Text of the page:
Norah Dooley is a storyteller, critically acclaimed children’s author and educator and the founder of a story slam series in Greater Boston. Norah’s widely acclaimed picture book, Everybody Cooks Rice is one of four titles in a series about her former neighborhood in Cambridge, MA. She specializes in teaching people of all ages how important their stories are and how to tell them.
Norah Dooley performs at festivals, conferences, events and venues throughout the U.S.. She has been featured as an Exchange Place storyteller at the National Storytelling Festival in Jonesborough, TN, the Clearwater Festival, the Newport Folk Festival, National Storytelling Conference, Fringe Fest, in San Francisco, 2019 and several Cambridge-based Revels. For the past 18 summers she has told stories to 1000s of children through ReadBoston. For 3 years, she appeared as a historical storyteller for Save The Harbor, twice supported by Mass Humanities grant.
Norah teaches storytelling at Lesley University’s graduate school of Education and has taught storytelling to undergraduates at Tufts, Boston and Suffolk Universities. Internationally she has lectured teachers of English and graduate students in Tokyo, Japan on the role of storytelling in language acquisition. In summer of 2017 she taught storytelling in Arsuha, to Tanzanian Secondary school teachers as part of the African Storytelling initiative of World Ed.
Norah has an MEd in Creative Arts and Learning and has been a full time classroom teacher and an instructor in visual and performing arts in elementary and middle schools. Her 4 published picture books are available at LernerBooks.com and all titles; Everybody Cooks Rice, Everybody Bakes Bread, Everybody Serves Soup, Everybody Brings Noodles are about her family and their former Cambridge neighbors.
Norah has 6 spoken word CDs: The Music of Angels ( 1999) Italian Folk Tales (2002) Stories from the Neighborhood (2002) Rabbitails (2006) My Bad, Bad Dog and Other Neighbors (2006) and Irish Tales (2007) all produced by Seat of Her Pants Productions and available at CDBaby.com. Her latest book, My Bad Bad Dog (SeatofHerPants, 2016) is the first in a series of picture books about her childhood.
It was such a wonderful day! The kids were so taken by you, your expressiveness, your voice, and your stories. I just love the idea of the picture map you drew for them and think it will be so helpful in writing their own fables and plays. A couple of them said “this was the best day”, and I agree. It was the best day of the year!
Thank you, that was great! We have had a lot of authors come but yours was the best presentation we’ve ever had.
After your presentation to children in third, fourth and fifth grades, we had one child [I would describe as a ‘reluctant writer’] who asked his teacher, “Could we do some writing when we get back to the classroom?”… not , “When is recess?”, or “Can we have our snack now?”. You really struck a chord with so many. The teachers were thrilled to hear you say things they constantly say to children to encourage them to write. Your manner of presentation was captivating, convincing and encouraging… for children and adults.
The school is still full of your wonderful storytelling. Your work and this is no “flarching” as my English Grandmother would say, is stellar. You are without doubt the best storyteller that I have ever heard and I’ve heard a lot. Thank you so much for coming to Gordon. We very much hope that you will come back soon. I was in Kindergarten yesterday and reading a description of noodle making and eating along with a thank you to Norah Dooley for sparking the whole thing. Fifth grade have your book draft as a writing model and they are engaged in their own endeavors.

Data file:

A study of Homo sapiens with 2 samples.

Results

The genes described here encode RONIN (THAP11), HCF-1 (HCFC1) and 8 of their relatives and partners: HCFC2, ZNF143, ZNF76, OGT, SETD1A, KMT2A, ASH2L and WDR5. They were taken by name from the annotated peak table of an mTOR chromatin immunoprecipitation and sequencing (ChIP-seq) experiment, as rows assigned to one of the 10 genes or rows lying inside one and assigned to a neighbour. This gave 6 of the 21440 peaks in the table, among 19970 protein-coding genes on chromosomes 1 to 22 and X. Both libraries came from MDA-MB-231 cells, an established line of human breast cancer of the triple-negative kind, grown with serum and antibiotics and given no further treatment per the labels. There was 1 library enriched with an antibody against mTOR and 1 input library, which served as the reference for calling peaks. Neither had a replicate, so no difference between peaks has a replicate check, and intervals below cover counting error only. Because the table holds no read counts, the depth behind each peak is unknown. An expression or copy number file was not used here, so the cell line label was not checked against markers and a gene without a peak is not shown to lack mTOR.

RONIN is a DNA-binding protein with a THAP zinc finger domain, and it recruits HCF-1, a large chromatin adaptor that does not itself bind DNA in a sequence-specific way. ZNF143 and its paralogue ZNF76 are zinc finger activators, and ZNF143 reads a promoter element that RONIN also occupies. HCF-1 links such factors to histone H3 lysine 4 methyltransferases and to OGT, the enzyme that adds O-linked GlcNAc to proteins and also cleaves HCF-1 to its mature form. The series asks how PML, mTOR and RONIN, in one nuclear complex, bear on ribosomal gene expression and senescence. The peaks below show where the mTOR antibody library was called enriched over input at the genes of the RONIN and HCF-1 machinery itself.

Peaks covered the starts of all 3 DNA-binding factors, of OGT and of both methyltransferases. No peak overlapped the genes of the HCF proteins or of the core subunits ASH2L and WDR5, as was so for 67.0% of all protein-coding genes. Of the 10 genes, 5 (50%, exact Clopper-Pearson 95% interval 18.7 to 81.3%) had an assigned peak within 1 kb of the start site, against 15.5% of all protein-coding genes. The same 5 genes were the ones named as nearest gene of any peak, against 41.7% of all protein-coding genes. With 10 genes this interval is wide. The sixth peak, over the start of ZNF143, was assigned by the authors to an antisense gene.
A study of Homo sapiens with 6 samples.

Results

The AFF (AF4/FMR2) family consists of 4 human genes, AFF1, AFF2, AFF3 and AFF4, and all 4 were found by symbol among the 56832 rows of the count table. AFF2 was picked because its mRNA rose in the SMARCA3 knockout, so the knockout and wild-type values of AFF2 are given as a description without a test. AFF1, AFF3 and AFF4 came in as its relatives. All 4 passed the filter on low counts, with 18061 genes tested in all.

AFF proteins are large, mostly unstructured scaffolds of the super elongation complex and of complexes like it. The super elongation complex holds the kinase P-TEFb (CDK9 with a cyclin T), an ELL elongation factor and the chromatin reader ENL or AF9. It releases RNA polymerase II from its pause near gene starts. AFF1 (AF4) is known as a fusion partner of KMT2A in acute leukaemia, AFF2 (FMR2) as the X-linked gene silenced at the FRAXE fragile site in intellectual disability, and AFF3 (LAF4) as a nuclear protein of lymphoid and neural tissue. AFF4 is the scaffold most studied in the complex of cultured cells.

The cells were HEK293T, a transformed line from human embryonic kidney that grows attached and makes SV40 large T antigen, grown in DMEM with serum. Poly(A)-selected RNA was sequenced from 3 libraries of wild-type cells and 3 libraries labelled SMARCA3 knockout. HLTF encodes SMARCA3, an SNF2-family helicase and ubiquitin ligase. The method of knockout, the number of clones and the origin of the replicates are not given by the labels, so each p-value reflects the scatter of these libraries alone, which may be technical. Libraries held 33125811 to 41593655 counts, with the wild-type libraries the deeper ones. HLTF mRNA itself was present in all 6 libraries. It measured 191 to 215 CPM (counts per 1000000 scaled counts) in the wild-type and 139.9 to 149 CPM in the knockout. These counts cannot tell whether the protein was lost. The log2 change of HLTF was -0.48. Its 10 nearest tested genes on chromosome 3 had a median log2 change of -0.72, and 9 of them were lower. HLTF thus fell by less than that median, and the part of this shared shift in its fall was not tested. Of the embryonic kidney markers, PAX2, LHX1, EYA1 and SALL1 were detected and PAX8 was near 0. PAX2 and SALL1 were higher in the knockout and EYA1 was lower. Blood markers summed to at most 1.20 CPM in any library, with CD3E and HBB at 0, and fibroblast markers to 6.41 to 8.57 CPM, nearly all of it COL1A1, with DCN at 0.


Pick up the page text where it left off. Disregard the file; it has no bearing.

Wow! I am just starting to come down from the Spoken Word high! We had our finale on Friday (which was fabulous) and the teachers shared some stories – we learned so much from you and it was so evident at the finale! We just cannot thank you enough!“
I am writing because I want to thank you for your inspiration and encouragement. Each time I tell a story, I think of you fondly, and I wanted to thank you for showing me the magic that is created when a story is told from the heart instead of just read from the page. It has become a useful tool in my teaching repertoire, and one my children heartily enjoy.
Norah’s presentation to the Mass Bay District UU ministers and religious educators today was somewhere beyond superlative. I’ve been preaching, teaching, (and preaching & teaching) the value of stories, for 35 years now. And in that entire time, I’ve never encountered someone who could do what you did: both demonstrate and teach memorable story-telling technique simultaneously. Brava!
Norah Dooley puts all of her heart and soul into her craft, whether it be storytelling, writing, writing in collaboration with students, teaching or directing. She uses her charisma to excite her audience/students and draw them into her circle of warmth. This often allows kids to take new risks with their emerging abilities. She has great follow through- once committed to a project, she gives it everything, and always keeps her eye on making it a quality experience for her collaborators.
Norah's salient message to me - and everyone she has worked with, from all walks of life - is that everyone has a story. From observing her StoriesLive lessons in Boston Public Schools to her generous collaboration with me to develop a public narrative storytelling for advocates I was working with who have experienced homelessness. Norah has a dynamic and incredibly engaging way of storytelling and teaching, which she adapts adeptly to each group with which she works. I have deeply enjoyed working with her, and could not recommend the experience enough!